I have been a regular at Tangawizi for many years. It is in an unassuming setting just at the Twickenham end of Richmond bridge. The room is long and narrow and the décor fairly basic, but the cooking is of a much higher standard than you would expect in what is essentially a local restaurant.
There is a short wine list starting at £15.95, with bottles such as Echeverria Sauvignon Blanc 2014 at £18.95 for a bottle that you can find in the high street for a tenner, Finkenhauer Riesling 2014 at £28.95 compared to its retail price of £11, and Grand Tinel Chateauneuf du Pape 2011 at £41.95 for a wine that will set you back £26 in the shops.
Tonight I started with pani puris, little hollow crisp spherical dough balls with a hole at the top. Inside this is a vegetable filling including moong beans and potaoes and sev (seasoned crunchy noodles). A sweet and sour effect is achieved by adding a sweet tamarind chutney and a spicy, tangy liquid, all of which combined bursts on to the tongue when you bite through the sphere. The rendition here was nice (13/20), though I still yearn for the dazzling version at the late lamented Sabras.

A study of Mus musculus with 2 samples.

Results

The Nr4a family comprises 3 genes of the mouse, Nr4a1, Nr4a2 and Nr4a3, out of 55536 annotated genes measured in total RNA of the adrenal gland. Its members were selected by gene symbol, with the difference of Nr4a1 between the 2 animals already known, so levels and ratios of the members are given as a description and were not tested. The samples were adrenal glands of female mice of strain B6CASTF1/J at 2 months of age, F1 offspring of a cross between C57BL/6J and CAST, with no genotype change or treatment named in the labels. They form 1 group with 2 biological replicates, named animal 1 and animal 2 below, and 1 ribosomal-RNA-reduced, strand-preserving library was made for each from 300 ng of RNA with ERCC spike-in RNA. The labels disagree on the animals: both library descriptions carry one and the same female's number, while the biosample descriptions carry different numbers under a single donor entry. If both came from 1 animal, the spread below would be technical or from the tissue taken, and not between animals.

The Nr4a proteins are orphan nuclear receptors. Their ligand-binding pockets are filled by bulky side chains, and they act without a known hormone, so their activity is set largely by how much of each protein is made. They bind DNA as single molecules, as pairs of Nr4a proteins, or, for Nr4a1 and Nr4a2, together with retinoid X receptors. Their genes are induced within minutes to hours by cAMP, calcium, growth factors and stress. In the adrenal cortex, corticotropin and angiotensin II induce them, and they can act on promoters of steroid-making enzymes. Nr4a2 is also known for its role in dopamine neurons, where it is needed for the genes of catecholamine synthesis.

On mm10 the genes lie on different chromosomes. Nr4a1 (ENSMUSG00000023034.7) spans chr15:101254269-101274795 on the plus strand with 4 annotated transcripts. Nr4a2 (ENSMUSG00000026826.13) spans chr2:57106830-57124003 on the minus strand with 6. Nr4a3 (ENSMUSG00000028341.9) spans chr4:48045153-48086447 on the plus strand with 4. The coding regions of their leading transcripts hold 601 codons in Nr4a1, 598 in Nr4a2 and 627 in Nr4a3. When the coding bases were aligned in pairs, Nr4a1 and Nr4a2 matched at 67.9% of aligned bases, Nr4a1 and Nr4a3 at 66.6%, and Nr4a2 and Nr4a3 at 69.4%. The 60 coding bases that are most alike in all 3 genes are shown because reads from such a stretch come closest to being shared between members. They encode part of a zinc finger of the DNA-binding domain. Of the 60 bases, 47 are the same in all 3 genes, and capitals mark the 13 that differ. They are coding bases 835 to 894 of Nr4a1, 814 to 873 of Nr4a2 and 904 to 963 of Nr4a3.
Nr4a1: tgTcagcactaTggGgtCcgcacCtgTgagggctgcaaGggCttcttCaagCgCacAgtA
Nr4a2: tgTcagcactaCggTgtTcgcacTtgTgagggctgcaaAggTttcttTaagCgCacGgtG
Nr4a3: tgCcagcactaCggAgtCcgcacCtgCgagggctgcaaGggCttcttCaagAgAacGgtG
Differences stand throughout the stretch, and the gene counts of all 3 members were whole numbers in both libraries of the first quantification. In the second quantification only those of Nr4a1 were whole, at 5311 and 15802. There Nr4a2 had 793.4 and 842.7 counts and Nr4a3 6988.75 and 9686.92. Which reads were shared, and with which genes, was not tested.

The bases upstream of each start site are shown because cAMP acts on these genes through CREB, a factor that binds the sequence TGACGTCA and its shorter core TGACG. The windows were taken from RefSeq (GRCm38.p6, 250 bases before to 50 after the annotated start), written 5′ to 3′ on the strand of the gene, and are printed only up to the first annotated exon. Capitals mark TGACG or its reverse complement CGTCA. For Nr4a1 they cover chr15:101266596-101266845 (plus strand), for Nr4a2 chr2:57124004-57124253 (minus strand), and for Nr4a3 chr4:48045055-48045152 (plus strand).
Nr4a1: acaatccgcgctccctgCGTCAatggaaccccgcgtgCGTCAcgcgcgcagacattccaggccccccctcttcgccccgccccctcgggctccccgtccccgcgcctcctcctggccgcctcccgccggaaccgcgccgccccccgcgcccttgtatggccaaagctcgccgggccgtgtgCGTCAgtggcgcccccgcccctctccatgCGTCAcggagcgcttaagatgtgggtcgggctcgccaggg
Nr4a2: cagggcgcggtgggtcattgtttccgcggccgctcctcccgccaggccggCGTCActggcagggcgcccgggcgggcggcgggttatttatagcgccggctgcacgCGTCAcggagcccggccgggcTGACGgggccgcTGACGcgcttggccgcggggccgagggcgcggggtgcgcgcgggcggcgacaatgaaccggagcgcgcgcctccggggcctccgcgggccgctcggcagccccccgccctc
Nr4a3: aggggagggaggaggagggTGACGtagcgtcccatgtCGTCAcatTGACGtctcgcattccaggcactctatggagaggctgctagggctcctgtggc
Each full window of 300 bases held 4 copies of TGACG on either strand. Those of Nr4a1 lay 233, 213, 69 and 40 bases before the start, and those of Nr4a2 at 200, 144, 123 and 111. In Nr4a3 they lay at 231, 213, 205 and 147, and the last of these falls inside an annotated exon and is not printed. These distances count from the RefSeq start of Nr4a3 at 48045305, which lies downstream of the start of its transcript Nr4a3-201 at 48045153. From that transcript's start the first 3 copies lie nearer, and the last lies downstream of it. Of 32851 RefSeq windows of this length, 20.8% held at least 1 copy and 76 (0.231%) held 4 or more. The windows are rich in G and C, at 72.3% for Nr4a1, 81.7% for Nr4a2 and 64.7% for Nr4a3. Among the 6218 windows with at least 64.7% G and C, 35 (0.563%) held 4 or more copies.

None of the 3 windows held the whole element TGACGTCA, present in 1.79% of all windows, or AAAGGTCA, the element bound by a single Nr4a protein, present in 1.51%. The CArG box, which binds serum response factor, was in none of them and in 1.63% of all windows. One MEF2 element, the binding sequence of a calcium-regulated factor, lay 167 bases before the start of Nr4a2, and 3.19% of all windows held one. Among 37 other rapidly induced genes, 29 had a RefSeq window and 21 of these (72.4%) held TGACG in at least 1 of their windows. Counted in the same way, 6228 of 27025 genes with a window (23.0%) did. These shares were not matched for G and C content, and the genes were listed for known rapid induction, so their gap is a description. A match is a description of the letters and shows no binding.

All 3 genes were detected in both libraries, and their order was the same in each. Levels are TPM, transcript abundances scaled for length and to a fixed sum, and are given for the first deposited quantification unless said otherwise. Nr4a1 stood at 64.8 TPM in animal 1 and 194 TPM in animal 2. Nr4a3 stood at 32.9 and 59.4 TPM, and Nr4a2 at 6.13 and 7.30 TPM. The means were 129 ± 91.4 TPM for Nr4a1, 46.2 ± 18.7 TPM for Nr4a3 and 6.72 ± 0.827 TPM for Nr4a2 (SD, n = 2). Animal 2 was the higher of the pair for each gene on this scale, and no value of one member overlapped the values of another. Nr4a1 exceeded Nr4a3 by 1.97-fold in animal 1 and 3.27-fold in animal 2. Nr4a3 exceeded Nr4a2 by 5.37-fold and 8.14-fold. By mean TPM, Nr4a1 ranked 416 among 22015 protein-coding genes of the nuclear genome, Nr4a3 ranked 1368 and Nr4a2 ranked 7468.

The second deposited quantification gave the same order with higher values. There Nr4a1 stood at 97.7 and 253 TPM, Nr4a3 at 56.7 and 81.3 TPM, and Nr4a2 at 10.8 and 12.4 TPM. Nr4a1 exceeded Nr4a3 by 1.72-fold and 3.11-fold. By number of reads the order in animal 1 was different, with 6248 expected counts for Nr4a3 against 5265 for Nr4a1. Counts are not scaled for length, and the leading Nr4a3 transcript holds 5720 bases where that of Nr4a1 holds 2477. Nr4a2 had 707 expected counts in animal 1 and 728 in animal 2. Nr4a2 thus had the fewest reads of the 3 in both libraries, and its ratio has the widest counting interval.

Methi chicken was very good, with a rich butter sauce falvoured with fenugreek and other spices (14/20). Spicy prawns were also good, marinated with spices though cooked just a touch longer than ideal (13/20). Aloo gobi was good, the cauliflower and vegetables retaining there texture well, enlivened by spices (14/20). Naan bread was excellent, supple and soft (14/20).
For dessert we shared a well-made halwa, the classic sweet carrot dessert made with condensed milk and pistachios. This was served warm and had very good flavour (14/20). Service was excellent, the staff always being very friendly here. The bill came to £40 a head with beer to drink. Tangawizi is a very good restaurant, a couple of notches better than most local Indian establishments.